A bill has been introduced in the Nevada General Assembly, on behalf of the state’s State Gaming Control Board, that would allow for the state governor to enter into interstate gaming compacts with other states. This legislation sets up Nevada to potentially be at the forefront of a compact in which individual states that have passed online gaming bills can work together to offer online gaming without federal legislation.
The bill, titled Assembly Bill 5, would remove language in the previously enacted online gaming bill that stated that an online gaming license does not become effective until a federal law was passed authorizing online gaming or the U.S. Department of Justice (DOJ) provided notice that interactive gaming activities are permissible under federal law. The bill would add language that allows for the governor, on behalf of the state, to enter into agreements with other states.
Assembly Bill 5 has been referred to the Nevada General Assembly Committee on the Judiciary. The upcoming legislative session does not begin until February 4, 2013.
The possibility of gaming compacts became a reality after the DOJ released an opinion in December 2011 stating that the Wire Act applies only to sports betting.
This opinion by DOJ eased fears among state lawmakers that money involved in online gaming could not be sent across state lines without incurring a violation of federal law. With that hurdle removed, the possibility of states entering into online gaming compacts became a reality.
Thus far two states, Delaware and Nevada, have enacted laws legalizing intrastate online gaming. Last month, the New Jersey state legislature passed a law legalizing online gaming and the bill is currently waiting for action to be taken on it by Gov. Chris Christie. Other states have publicly stated that they will consider online gaming legislation in sessions this year.
One potential problem with interstate gaming compacts is the potential for a hodgepodge of different laws and regulations for players and operators. States that lack experience in regulating gambling activities may look to the states that do have such experience, like Nevada and New Jersey, to regulate for them as an alternative to establishing their own regulations for online gaming. Thus far, Nevada is the only state to implement regulations governing online poker.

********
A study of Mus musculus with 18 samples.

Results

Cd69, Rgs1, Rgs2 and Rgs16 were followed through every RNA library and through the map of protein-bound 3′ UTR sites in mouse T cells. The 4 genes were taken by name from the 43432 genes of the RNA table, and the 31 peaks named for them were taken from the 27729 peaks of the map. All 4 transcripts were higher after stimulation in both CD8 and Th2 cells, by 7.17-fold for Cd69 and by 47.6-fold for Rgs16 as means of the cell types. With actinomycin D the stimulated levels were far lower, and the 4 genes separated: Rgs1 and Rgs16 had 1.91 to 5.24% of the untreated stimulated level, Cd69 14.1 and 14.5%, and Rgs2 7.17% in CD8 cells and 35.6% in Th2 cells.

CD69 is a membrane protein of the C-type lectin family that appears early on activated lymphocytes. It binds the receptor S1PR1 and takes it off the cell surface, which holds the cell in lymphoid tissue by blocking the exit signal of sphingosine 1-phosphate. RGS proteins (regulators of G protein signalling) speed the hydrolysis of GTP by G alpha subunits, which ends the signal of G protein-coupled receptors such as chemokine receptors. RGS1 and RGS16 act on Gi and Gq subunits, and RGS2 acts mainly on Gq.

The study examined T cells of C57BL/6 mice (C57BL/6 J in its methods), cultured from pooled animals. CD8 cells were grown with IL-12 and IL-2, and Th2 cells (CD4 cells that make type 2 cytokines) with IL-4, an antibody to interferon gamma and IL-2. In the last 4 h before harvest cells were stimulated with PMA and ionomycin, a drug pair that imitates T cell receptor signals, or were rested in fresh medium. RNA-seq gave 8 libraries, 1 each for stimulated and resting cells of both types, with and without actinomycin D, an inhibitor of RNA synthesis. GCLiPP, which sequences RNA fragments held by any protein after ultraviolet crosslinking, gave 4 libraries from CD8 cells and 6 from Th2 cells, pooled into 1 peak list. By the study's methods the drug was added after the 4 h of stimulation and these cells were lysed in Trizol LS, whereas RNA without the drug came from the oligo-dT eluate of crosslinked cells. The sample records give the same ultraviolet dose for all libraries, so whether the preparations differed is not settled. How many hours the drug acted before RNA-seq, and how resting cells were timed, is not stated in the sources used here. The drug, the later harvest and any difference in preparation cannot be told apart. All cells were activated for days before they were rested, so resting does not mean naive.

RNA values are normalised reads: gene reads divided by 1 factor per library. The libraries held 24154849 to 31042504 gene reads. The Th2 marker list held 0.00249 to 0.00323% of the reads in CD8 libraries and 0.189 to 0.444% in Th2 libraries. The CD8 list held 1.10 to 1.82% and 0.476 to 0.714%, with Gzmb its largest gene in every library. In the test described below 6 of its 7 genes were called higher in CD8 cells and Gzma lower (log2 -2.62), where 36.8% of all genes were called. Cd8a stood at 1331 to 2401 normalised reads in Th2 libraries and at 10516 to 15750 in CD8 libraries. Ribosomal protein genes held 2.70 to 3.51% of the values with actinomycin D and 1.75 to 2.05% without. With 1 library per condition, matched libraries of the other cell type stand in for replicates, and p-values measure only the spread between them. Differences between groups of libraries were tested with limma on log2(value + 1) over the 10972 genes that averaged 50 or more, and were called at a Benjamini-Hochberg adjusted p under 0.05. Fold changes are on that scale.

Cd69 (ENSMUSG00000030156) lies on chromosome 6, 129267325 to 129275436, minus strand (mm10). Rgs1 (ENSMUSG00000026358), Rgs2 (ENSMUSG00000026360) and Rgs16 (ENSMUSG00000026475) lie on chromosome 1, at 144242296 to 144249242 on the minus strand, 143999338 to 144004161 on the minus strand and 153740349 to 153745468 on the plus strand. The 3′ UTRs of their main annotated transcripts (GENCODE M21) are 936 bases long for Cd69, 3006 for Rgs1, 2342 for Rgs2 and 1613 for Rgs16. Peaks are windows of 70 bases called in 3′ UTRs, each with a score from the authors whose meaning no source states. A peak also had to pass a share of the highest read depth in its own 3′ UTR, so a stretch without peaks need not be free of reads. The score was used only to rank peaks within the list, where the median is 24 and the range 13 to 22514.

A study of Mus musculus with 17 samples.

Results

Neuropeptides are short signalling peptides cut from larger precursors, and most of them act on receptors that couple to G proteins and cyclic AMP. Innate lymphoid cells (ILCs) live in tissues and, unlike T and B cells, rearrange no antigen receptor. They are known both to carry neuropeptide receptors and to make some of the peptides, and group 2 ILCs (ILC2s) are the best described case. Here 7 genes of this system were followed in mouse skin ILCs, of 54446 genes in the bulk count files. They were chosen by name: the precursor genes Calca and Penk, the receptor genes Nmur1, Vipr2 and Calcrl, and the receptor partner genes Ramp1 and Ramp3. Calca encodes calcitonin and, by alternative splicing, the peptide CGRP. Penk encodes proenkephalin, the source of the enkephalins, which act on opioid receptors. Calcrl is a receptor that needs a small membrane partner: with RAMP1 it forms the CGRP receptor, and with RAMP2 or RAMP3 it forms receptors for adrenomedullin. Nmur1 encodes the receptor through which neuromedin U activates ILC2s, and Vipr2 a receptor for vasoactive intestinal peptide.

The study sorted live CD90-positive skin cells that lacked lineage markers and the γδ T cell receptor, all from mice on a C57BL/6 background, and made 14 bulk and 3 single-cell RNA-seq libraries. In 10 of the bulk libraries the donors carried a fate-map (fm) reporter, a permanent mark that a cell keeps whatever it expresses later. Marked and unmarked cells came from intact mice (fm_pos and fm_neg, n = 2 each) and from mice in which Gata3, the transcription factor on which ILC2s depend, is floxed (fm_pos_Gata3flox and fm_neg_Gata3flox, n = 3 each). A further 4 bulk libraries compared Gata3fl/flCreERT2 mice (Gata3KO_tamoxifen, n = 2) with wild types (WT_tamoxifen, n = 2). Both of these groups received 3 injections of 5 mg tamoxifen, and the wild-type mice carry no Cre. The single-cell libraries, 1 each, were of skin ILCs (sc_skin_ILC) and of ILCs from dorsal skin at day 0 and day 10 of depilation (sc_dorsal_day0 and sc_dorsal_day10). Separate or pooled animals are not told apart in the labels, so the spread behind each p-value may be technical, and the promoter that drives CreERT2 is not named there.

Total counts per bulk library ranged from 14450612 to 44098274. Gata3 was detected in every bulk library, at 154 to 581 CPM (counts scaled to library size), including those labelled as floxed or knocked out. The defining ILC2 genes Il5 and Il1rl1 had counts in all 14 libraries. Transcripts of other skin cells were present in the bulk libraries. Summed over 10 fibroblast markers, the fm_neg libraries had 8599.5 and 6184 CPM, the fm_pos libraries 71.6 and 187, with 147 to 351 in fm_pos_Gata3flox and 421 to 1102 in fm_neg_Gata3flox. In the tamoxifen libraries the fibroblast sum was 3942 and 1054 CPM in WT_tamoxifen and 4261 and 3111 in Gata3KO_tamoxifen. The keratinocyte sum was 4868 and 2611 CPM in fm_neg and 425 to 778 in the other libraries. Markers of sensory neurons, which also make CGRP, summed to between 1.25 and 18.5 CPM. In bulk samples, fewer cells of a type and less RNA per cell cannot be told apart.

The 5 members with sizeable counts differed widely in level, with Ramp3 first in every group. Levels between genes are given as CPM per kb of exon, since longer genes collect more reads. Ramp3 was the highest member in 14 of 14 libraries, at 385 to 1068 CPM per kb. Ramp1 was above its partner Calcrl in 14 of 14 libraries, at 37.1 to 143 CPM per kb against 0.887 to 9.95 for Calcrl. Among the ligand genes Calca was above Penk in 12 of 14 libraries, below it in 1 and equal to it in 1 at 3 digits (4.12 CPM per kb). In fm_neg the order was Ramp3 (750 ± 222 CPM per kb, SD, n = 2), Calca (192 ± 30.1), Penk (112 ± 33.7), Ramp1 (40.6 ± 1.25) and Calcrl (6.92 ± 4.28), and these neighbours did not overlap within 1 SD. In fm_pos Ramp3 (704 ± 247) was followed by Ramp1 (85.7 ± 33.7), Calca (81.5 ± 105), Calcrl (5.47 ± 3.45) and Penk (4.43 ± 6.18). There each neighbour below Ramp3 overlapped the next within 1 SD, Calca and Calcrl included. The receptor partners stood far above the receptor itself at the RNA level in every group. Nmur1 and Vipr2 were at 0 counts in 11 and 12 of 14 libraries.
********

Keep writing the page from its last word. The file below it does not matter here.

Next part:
Nevada may want something in return for helping regulate gaming activities in other states, and it is not clear from the bill what that may be. Compacts like this have the potential to entrust a significant amount of power in a state agency, such as the Nevada Gaming Commission, and it is unclear whether it would be in the best interests of players and operators for that to occur. The concern over one state agency having so much power may serve as an impetus for states that do not currently have regulatory bodies for gaming to decide to establish them.
One other potential problem that gaming compacts address is the size of player pools. While there may not be enough players online at one time in one state for games to be big enough, gaming compacts allow for states to share their player pools, allowing for the possibility of many more players to be online at one time.
Not all states would need to pass a law similar to this Nevada law in order to participate in an interstate gaming compact. Depending on the state law or the powers granted to the state executive based on the state constitution, a state may be able to participate in gaming compacts without any legislative action.
Interstate gaming compacts have the potential to be a good development for gamers, but at this point there are too many unanswered questions about how they would operate. The idea of one state-level agency wielding enormous power over online gaming throughout the country is something that should be studied carefully before it is implemented.